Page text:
This month I planned to push for ethical and sustainable practices. I am so glad that by 2018 many international designers and brands are promising or working towards a completely ethical and sustainable work culture. While there are many small brands already doing that, it is hard to chase after them once one of them decides to change their mind. For many going ethical and sustainable is seen as fashionable (or a fad); many love the marketing aspect of it, but forget or are ignorant to plan how difficult this process is truly to adopt in today’s world (still!).
Almost everyone is aware of and educated about the remnants of corruption of the gem industry. Living in Pakistan in the 1980’s and part of 1990’s I have witnessed the worst corruption on the top level and how society is affected by it. In my private school, Hindus from India traveled to Pakistan and using corrupt ways attained a Pakistani passport. This was very common. During this time, India was considered a slum in the world. While Pakistanis and Muslims were allowed to travel to America and Europe freely in the 1980’s and mostly in the 1990’s, many in the west had no intention of treating the very poor Indian population the same way. It was so bad for them that they would come up to on the playground screaming how they resentful they are for how they are being treated and how nicely Muslims are being treated in the world. For other related events and experiences of mine in Pakistan, see HERE and HERE.
Other stories I heard first hand due to the corrupt gem industry of the 1980’s was the idea that Hindus could adopt fake Muslim names to get Pakistani passports. For those of you who question whether this is possible, remember that even though Pakistan in the 1980’s was comparative to countries like England and the USA in the 1980’s, the latter countries are dealing with the same issue TODAY as Pakistan is. Yes, in Pakistan Hindus were and are the “Dreamers”. Unlike the illegal immigrants here where literally people started having babies illegally, Hindus attained Pakistani passports through threats and coercion so they could apply for visas and travel anywhere as they please.
The “highlight” of the experience and I may sound like I am using the term lightly, but I am not, was when a parent of a school peer was talking about her husband being in the diamond business. Terrified of what that meant, I asked, “Why do you focus on diamonds only? Why not emeralds or sapphires or rubies? They are precious stones as well.” And she replied haughtily, “No, the world cares only about diamonds. Nothing else. No emeralds, no sapphires, no rubies. Just diamonds”. We, as Muslim Pakistanis were utterly hurt and angry because we were seeing immediate changes in our society. Car bombs, strikes, assassinations, fake news, corruption from the bottom to the top level was splattered across newspapers and it was difficult to stop what was going on because there was no proper structure.
And 30 years later, I see the same thing happening with social media. ISIS using it to propagate hateful messages, high-level coordinated ads being posted during election times, and on a very basic level, abuse and harassment of people from all areas and walks of life. And guys (especially my young readers), life is not like this. Social media like traditional media amplifies emotions associated with stories and caution must be taken.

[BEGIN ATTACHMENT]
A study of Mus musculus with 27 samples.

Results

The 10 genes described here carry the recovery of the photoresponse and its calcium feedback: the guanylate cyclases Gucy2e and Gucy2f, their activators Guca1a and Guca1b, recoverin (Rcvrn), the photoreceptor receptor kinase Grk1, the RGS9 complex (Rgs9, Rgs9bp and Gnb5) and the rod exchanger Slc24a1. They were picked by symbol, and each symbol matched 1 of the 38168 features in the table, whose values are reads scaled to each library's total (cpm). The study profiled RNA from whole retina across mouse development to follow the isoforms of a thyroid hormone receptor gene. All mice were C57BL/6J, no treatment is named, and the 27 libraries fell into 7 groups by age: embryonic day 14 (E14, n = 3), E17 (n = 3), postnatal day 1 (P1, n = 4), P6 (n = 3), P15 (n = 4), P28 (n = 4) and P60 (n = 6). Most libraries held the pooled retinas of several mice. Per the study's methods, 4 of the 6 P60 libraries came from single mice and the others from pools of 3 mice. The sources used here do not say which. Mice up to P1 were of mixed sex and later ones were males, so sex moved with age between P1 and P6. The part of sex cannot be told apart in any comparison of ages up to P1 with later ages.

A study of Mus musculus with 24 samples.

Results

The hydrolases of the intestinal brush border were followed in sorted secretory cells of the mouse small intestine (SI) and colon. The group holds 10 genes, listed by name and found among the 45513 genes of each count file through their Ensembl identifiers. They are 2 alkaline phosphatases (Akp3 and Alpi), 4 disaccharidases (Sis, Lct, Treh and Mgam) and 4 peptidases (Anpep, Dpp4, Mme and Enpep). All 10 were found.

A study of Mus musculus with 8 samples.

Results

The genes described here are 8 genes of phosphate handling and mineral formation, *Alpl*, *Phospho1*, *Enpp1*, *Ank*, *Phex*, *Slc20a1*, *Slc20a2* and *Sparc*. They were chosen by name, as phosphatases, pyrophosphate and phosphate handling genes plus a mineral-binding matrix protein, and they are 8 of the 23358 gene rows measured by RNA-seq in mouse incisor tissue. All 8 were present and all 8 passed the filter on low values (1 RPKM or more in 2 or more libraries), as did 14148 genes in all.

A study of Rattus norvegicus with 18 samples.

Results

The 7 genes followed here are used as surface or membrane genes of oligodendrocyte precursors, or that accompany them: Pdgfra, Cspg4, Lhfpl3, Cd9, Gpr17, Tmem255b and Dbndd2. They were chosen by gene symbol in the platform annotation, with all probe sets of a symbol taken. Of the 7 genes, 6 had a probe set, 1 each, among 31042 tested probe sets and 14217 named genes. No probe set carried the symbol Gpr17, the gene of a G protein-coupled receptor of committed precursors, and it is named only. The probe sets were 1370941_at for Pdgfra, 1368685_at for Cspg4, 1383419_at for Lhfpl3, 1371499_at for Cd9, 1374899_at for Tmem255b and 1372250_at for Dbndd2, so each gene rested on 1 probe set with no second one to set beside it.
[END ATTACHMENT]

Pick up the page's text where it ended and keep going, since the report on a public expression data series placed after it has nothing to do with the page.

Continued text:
Koel Shop & Generation
Today I wanted to highlight two Pakistani brands – but, I don’t know the owners personally – reviving Indus crafts. The Indus region refers to Pakistan because that’s where almost the entire Indus River lies. These two brands seem to really design for Pakistani culture, but am unsure of their businesses practices.
I realize that Muharram is coming next week, but that does not mean, one cannot stock up on clothes for either Eid-Ul-Zehra Milad events (after Muharram) and/or wedding events later in the year. For personal favorites, see here, here, here, here, here, here, or here. These are the types of clothes young girls wore in the 1980’s and 1990’s not the extraordinary display of corruption on the bodies of women today on social media, who look more like airheads than women driving change in the world. Other outfits with minimal embroidery are here and here.
Koel Shop is the second brand I want to highlight here. Promising to revive more affordable Indus art like block printing, ajrak, and chundri, this brand offers a great customer experience for customers willing to spend Rs.4000 to Rs. 25,000. Their website is not equipped with a shopping feature yet, but they are quite active on Instagram and Facebook so placing orders through messaging is not a problem at all. For those of you who travel to Pakistan will be happy to learn that Koel has storefronts on E-Street, Clifton and Dolman Mall, Clifton. There is even an adjacent cafe and art gallery to enjoy on E-Street.
All of these outfits mentioned will look great with chand balis, jhumkas, and meenakari jewelry, or very traditional afghani jewelry. There are numerous bazaars and markets in Pakistan where you can shop for churiyaans (metal or glass bangles) and khussas (flat shoes). For the kurtas I mentioned, you can go modern with pants or capris or go traditional with a churidar pajama. So fun! All you would need is nice fresh makeup, freshly done hair, and vibrant polished nails and you will be set!